Is death enjoyable to you?
How many times did you die today?
Video games it seems are the stuff of life and death. When I walk around the show floor during E3 and glance at the monitors what I see usually amounts to something like this:
Guy running, firing weapon, taking damage, death. Reload.
Guy running, firing weapon, falling in hole, death. Reload.
Guy running, firing weapon, swimming in lava, death. Reload.
I witness the same sequence of events whenever my non-video game savvy friends come over to try out games. And regardless the setting, the reaction from the player is always the same: frustration. Death is no fun. No one enjoys it. It takes you out of the game experience, and the immersion you were enjoying, usually to some form of save-game reload screen. For players unversed on load screens, the experience is jarring and even somewhat confusing. Which game to load? Why do I have to go so far back? Where are the weapons that I previously acquired, and so forth. I know to hard-core gamers this stuff sounds moronic, but it’s real. And I feel it is part of the reason why games are considered “no fun” by so many of the uninitiated.
I’m going to skip past my general belief that games these days are simply too difficult for most mass market consumers… and go straight to the question of death. Why do we continue to use death as a game mechanic in video games? Why is it that video games are the only medium to employ the repetitive life/death mechanic?
Not suggesting that we get rid of ‘death’ per-se, but that death not be something that takes you out of the game context. Right now most games remove you from the game and take you up a level of immersion in order to display a load screen. Whenever this happens I feel that the amazing entertainment experience I was just enjoying has been hijacked.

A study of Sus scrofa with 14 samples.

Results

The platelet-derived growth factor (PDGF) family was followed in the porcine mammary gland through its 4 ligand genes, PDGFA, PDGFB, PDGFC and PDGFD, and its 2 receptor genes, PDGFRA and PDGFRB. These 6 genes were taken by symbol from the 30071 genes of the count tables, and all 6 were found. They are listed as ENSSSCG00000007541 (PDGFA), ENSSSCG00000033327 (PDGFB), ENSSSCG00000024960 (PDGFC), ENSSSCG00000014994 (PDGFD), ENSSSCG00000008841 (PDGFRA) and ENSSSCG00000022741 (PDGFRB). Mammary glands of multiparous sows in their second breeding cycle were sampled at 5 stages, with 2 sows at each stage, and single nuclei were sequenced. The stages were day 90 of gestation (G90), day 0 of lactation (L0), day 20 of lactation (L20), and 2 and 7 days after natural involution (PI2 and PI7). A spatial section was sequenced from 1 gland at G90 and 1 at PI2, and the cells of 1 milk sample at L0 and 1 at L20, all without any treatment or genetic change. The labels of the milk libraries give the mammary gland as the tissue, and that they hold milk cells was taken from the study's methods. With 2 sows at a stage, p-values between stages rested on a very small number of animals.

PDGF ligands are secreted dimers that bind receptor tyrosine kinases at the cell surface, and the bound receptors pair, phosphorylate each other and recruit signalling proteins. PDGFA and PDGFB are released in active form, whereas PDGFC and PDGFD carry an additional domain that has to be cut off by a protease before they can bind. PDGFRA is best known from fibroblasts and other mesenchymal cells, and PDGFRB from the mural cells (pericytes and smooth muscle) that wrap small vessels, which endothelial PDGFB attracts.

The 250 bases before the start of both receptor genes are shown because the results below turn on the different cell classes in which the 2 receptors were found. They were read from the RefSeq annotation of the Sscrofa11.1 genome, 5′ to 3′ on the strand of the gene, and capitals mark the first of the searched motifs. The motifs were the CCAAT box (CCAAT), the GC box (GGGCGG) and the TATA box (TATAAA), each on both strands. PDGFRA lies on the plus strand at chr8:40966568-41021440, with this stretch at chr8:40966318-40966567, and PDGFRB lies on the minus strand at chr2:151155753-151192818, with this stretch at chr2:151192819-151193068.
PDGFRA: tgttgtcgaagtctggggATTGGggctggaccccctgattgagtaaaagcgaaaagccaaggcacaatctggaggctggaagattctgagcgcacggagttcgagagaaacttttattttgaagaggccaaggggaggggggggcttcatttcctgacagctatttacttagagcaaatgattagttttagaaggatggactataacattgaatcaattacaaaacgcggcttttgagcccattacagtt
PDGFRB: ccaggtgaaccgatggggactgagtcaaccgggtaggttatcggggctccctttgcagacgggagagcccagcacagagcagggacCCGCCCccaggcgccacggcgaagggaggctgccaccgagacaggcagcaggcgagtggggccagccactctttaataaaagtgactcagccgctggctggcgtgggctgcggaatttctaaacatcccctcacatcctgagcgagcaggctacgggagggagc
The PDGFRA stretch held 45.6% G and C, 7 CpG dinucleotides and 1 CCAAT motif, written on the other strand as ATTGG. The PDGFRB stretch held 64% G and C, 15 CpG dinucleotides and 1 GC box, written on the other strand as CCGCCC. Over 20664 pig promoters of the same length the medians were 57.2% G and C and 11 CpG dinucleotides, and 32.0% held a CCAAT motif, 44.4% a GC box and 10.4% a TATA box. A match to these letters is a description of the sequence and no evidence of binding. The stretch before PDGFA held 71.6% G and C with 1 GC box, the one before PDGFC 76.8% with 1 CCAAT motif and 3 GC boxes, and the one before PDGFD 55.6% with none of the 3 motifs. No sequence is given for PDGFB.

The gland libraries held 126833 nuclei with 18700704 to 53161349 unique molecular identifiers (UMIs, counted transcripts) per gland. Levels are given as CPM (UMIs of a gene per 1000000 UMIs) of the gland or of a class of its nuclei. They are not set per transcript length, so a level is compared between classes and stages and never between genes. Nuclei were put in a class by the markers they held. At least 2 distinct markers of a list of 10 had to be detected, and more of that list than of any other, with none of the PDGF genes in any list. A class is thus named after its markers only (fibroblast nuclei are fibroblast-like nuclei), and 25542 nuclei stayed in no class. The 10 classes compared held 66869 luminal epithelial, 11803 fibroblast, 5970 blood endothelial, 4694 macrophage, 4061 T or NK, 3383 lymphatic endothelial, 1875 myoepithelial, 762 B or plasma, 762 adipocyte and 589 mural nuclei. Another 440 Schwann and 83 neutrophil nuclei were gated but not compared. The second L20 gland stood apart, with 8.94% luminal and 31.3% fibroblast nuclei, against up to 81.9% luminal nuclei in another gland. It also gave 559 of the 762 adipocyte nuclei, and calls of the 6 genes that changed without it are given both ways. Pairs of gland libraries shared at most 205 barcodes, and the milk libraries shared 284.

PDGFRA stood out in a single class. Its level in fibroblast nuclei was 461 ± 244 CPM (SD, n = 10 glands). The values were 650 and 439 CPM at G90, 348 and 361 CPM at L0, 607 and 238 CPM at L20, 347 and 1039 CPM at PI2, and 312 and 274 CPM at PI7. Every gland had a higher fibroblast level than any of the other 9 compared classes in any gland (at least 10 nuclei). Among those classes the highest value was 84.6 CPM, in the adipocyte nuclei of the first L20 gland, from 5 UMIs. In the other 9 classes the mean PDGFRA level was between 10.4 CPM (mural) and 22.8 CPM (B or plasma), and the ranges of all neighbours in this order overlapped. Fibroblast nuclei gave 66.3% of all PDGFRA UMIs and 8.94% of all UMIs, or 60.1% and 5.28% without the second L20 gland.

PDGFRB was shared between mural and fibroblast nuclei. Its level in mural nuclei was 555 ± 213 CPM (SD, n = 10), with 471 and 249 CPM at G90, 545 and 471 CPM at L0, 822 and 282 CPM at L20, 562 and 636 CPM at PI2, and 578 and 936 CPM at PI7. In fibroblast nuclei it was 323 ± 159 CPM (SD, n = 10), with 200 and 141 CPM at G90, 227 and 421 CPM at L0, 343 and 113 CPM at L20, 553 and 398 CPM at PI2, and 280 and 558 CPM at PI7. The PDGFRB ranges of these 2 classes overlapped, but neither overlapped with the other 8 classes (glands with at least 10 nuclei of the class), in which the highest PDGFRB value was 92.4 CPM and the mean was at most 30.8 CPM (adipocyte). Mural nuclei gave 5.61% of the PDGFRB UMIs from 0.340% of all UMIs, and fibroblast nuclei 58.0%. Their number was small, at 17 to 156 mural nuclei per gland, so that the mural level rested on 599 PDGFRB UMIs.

If you ever owned a laserdisc player or have watched a VCD movie, then you know the feeling. You’re watching the film, completely into it, anxiously awaiting the next scene, the next bit of action, and BAM! The screen goes blue (or whatever flavor your player sports), and you are prompted to insert the next disc. It’s like the lights being turned on at the bar at 2AM. Huh? Where am I?
That same thing can be seen with video games. Watch your friends the next time they’re playing a game: Head craned forward, eyes locked to the screen, fingers twitching madly, body movements mimicking in-game actions, mouth agape, totally oblivious to the outside world, then BOOM. Death. Everything changes. The neck straightens, the mouth closes, the eyes blink, the head comes round, and the experience is ended. Where are they now? Sitting in their living room in real life, death-limbo on screen. Out of the game.
Grand Theft Auto 3 is a great example of a game where the load screen interface is replaced by an in-game construct, the hospital, or the police station. You die and then, instead of being prompted to load a saved game, are taken to a logical in-game location where your character is reset and control is returned to you. Loss of immersion is very low, at least compared to viewing a load game menu, waiting for a game to load, and then effectively traveling back in time to your previous game state.
I think there are limitless possibilities for wrapping the death/load mechanic into some less jarring wrapper that makes sense in relation to a game’s characters and setting. Helper characters can take the fallen main character to be revived. The main character can have some intelligent death-handling AI that allows him a death-time interaction with the player. Perhaps death is replaced with an accelerated “sleep” from which the player can awake after 5 seconds after having watched the nearby environment clear itself of hazards. So forth and so on…
If death is going to be a core element to video games, then it should be something as seamless as turning a page in a book or transitioning from one scene to the next in a film. It should not distract from the quality of the game or remove the player from the experience. If it does then it becomes a heavy-handed crutch and means of increasing difficulty without delivering any play value.